I’m starting to wonder just how smart smartphones really are.
Sure, we can make calls from them, write text messages, browse the internet, and apps have made it easy to stay in touch with friends via Facebook, What’sApp, or to check our bank balance or the weather forecast.
You can even ask Siri to help you out with certain tasks; for example, if you cannot be bothered searching for a contact.
So, it is fair to say things have come a long way since I was in my early teenage years and was using a Nokia 3315.
The most exciting thing about that model, which just about everyone seemed to have in those days, was that you could play Snake on it.
These days, many people have an iPhone or an Android device that can do just about everything that they want it to.
But there are some exceptions.
I have an iPhone and it does pretty much all that I need it to do, but sometimes not everything works as it could, or should.
Often I’m writing a word like were and intend it to be written that way, yet it’s changed automatically to we’re.
The same goes for well, when I’m intending it to be written like that. It is auto-corrected to we’ll. I go back and try again, yet it’s changed again. I have to go back three times and change it before it accepts well as the word I want.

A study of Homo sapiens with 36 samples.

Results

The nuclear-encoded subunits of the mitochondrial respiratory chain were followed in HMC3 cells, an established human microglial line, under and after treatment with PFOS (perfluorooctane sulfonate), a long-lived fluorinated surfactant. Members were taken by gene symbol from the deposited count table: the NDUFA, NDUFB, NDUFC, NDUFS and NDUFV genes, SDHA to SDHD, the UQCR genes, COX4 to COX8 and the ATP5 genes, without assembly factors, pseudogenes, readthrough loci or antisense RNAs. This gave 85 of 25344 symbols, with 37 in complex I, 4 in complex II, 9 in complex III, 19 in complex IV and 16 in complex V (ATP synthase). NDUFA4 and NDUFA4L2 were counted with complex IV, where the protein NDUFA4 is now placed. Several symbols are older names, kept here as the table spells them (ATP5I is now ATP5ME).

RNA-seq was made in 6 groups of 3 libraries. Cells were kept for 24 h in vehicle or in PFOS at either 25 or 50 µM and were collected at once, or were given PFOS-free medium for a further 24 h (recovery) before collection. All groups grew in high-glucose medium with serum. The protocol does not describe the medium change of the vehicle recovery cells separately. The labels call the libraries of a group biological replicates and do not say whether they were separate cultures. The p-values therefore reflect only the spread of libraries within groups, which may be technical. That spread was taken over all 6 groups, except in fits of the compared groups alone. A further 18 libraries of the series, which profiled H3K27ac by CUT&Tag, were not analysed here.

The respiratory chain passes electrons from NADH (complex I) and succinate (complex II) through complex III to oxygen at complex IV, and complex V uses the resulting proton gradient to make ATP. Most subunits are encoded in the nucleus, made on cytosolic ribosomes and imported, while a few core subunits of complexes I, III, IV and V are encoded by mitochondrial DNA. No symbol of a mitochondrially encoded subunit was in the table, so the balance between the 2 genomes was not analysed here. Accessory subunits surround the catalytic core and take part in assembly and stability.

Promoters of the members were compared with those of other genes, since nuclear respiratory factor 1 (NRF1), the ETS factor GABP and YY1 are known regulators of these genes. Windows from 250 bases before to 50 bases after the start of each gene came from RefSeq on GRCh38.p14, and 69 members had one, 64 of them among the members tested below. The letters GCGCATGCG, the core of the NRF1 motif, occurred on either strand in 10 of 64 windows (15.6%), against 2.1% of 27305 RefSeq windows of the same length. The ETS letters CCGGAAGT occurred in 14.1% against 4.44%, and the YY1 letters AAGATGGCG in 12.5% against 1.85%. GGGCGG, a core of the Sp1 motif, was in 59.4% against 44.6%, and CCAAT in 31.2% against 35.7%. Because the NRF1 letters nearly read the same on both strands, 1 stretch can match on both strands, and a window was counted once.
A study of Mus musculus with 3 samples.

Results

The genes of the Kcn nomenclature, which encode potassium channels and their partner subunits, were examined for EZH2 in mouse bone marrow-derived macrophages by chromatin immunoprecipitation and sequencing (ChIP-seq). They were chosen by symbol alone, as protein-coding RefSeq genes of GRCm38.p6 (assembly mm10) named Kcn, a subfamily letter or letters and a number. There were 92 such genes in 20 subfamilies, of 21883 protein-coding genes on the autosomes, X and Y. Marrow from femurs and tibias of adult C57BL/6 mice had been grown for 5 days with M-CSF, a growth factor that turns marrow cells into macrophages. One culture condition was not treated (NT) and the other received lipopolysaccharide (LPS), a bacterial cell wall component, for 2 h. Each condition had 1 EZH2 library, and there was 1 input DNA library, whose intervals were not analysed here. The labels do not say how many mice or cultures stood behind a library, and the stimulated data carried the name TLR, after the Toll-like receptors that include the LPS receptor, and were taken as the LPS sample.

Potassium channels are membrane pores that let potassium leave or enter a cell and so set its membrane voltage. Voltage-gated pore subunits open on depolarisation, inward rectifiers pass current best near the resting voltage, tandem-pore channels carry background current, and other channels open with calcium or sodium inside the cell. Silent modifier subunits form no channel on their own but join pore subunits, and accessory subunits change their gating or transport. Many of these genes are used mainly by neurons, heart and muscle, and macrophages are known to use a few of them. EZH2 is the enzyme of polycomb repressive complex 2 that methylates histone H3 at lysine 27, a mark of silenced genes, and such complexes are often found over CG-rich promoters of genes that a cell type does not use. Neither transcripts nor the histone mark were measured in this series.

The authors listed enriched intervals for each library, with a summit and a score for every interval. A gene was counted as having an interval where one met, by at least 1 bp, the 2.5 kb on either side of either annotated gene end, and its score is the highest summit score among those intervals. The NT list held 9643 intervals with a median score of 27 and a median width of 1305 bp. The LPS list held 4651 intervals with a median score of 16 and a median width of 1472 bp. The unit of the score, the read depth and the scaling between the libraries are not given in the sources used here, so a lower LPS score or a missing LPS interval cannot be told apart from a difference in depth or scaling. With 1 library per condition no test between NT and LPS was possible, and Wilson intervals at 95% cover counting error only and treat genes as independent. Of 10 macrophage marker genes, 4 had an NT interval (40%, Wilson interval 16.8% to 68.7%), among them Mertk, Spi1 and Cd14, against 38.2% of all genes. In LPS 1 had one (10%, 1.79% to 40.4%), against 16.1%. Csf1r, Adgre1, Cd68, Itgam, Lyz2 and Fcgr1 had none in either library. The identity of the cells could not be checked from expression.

Words intended to be written as plurals are also sometimes frustratingly auto-corrected to add an apostrophe before the s.
It’s little wonder many people don’t know where to correctly place or omit apostrophes, when their ‘‘smart’’ phone is telling them they belong almost everywhere they really shouldn’t.
There’s other inexplicable things, too, such as an ‘‘a’’ in the middle of a sentence being auto-corrected to a capital ‘‘S’’.
Then there was a lower-case ‘‘fault’’ auto-corrected to an upper-case ‘‘Gault’’. I have never used the word Gault in a text message and had to Google the definition to find out that it’s a type of clay or clay-based soil.
So, auto-correct has a bit to answer for and the less attentive can easily get caught out if they do not proof-read the text message before hitting the send button.
A Google search of embarrassing auto-correct fails triggers a bonanza of such cases where people have not checked before sending.
There’s no doubt smartphones are smart, but they’re definitely not perfect.
Cameron Whiteley is editor at The News.